In one of the most significant changes in its 201-year history, E.I. du Pont de Nemours & Co. agreed to sell its textiles unit to Koch Industries Inc. for $4.4-billion (U.S.) in cash.
The sale allows du Pont to focus on making chemicals for faster-growing industries.
The sale of Invista Inc. —which includes du Pont’s nylon, polyester and Lycra fibre businesses —comes amid a steep decline in the U.S. textile and apparel industries, largely due to foreign competition.
The sale will reduce du Pont’s dependence on high-cost raw materials such as natural gas and oil, and signals the company’s intent on making chemicals for the biotechnology and electronics industries —among them, for crop protection, food additives and electronic displays.
Charles Holliday Jr., du Pont’s chairman and chief executive officer, who is coming under increasing pressure to improve the company’s growth, promised “an unwavering effort.”
Analysts had initially forecast that the textiles unit would fetch $5-billion, but they lowered the figure to closer to $4-billion after du Pont, based on Wilmington, Del., identified closely held Koch as a possible buyer in August. Du Pont said it expects the sale to be neutral to positive to earnings.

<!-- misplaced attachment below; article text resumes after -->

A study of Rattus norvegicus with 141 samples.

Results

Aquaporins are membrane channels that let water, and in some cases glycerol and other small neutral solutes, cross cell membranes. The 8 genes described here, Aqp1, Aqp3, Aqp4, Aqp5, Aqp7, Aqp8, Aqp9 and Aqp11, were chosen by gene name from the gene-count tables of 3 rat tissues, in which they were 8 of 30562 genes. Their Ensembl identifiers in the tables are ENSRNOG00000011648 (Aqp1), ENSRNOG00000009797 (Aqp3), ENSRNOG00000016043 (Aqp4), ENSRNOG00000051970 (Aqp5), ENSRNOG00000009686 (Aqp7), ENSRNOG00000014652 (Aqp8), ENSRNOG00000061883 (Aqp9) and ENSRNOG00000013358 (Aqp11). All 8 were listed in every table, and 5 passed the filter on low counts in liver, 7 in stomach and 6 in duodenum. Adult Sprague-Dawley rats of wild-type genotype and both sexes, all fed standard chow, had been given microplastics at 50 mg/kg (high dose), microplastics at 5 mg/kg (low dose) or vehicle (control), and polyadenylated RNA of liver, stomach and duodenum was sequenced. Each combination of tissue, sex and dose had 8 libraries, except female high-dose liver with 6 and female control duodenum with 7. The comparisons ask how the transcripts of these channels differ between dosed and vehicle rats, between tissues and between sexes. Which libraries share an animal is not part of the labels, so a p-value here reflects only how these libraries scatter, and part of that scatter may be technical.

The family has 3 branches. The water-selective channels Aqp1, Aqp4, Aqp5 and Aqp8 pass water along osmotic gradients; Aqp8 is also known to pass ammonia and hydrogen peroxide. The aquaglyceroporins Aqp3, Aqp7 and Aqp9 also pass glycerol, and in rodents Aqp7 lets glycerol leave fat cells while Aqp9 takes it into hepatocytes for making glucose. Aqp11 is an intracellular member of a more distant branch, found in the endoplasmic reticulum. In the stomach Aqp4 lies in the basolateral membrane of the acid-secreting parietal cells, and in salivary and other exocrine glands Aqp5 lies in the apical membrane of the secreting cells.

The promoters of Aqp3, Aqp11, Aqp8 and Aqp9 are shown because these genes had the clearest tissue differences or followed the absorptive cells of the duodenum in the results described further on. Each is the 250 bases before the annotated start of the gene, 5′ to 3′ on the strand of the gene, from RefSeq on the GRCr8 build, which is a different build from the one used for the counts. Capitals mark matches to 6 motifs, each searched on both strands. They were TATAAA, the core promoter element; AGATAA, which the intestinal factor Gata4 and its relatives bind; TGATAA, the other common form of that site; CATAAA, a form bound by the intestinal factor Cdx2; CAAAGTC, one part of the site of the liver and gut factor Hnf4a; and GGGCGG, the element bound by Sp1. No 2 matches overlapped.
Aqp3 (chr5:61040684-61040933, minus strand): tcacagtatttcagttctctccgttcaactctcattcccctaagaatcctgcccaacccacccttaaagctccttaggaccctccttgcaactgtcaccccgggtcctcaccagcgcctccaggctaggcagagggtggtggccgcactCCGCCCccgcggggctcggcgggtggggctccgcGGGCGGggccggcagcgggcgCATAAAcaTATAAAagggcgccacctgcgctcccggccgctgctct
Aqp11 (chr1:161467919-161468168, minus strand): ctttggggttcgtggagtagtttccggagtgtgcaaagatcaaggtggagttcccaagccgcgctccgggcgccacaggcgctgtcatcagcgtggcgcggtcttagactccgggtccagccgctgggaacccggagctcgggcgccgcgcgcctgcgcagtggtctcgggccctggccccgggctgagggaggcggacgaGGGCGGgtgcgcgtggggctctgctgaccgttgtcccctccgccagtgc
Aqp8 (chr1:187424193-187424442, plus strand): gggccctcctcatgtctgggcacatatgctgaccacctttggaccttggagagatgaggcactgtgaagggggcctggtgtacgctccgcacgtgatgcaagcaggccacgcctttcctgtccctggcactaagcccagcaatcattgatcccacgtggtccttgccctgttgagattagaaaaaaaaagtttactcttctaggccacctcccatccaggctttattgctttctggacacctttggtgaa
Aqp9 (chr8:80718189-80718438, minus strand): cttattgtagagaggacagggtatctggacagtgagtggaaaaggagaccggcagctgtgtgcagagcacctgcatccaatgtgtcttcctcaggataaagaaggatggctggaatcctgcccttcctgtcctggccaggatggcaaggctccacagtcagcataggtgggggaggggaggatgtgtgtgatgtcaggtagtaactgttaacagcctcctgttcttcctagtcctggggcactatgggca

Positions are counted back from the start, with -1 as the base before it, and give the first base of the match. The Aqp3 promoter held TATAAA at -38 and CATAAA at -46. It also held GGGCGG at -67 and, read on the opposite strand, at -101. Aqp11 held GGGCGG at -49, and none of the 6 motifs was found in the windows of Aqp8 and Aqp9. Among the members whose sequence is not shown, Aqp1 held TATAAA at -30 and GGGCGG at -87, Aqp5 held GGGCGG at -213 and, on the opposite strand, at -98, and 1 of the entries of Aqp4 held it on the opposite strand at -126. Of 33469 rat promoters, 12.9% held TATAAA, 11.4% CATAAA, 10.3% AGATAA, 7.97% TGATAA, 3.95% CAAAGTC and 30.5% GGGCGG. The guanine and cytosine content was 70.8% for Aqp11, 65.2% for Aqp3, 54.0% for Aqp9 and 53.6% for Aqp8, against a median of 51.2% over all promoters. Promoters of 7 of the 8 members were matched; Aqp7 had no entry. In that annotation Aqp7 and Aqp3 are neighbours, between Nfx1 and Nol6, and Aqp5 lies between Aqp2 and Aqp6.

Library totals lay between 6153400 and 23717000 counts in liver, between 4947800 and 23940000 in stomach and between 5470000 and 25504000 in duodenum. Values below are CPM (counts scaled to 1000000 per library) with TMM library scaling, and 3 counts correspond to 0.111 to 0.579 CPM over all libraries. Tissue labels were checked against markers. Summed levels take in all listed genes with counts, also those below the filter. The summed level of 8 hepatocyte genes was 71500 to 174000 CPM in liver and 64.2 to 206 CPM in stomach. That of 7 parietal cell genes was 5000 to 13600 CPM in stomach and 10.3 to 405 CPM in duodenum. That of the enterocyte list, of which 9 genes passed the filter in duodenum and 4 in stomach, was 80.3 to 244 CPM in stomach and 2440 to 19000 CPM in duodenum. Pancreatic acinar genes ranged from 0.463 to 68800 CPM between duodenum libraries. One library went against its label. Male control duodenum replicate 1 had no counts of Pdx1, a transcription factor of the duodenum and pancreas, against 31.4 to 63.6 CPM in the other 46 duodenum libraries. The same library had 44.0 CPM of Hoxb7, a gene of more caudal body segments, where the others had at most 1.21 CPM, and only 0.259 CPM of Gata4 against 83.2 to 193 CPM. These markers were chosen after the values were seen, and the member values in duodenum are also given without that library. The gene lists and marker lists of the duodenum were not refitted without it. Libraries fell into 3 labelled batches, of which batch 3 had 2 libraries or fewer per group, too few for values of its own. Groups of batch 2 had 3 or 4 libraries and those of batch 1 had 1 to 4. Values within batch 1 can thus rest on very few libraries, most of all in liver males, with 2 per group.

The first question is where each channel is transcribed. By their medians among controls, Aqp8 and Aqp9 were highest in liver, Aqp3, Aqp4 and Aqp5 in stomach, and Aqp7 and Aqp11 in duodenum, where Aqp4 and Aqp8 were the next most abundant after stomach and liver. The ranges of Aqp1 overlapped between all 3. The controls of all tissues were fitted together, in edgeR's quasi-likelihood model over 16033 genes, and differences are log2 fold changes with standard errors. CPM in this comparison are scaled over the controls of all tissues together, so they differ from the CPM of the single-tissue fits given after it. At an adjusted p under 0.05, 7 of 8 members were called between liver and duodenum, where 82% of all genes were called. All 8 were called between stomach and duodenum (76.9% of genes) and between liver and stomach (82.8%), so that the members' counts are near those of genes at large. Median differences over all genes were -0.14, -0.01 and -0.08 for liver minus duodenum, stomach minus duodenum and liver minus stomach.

Du Pont invented nylon in the 1930’s and became a leader in developing new kinds of fibres, including Stainmaster carpet and Lycra-brand spandex, which is used in apparel from shoes to swimsuits to men’s shirts.
The textiles unit had $6.3-billion in revenue in 2002, 18,000 employees and interests in 50 manufacturing sites around the world. While Invista generated about one-fourth of du Pont’s $24-billion in annual revenue, it was the company’s least profitable unit last year, resulting in job cuts and plant closings.
Du Pont has struggled in recent quarters amid one of the worst downturns in chemical industry history, and some of its recent research and development initiatives, such as organic light-emitting diode, or OLED, have so far trailed the competition.
OLED displays are generating enthusiasm because of their potential as thinner, brighter, more-durable screens for consumer electronics.
Analysts said the Invista sale should help the second-largest U.S. chemical maker become a more nimble chemical manufacturer, with little debt and a higher potential for growth.
The deal, said Frank Mitsch, managing director at Fulcrum Global Partners, “is a solid positive for the du Pont transformation.”
The sale, which is expected to close in the first half of next year, subject to regulatory approval, also gives Koch a different outlet for its oil and natural gas, key ingredients in synthetic fibres, and solidifies the company’s polyester-fibre business.
Koch, Wichita, Kan., energy and chemicals giant, also noted that because it is private, it is better able to “weather the cycles” of the textile business.
In 4 p.m. New York Stock Exchange composite trading, du Pont shares were down 46 cents, or 1.1 per cent, at $39.73.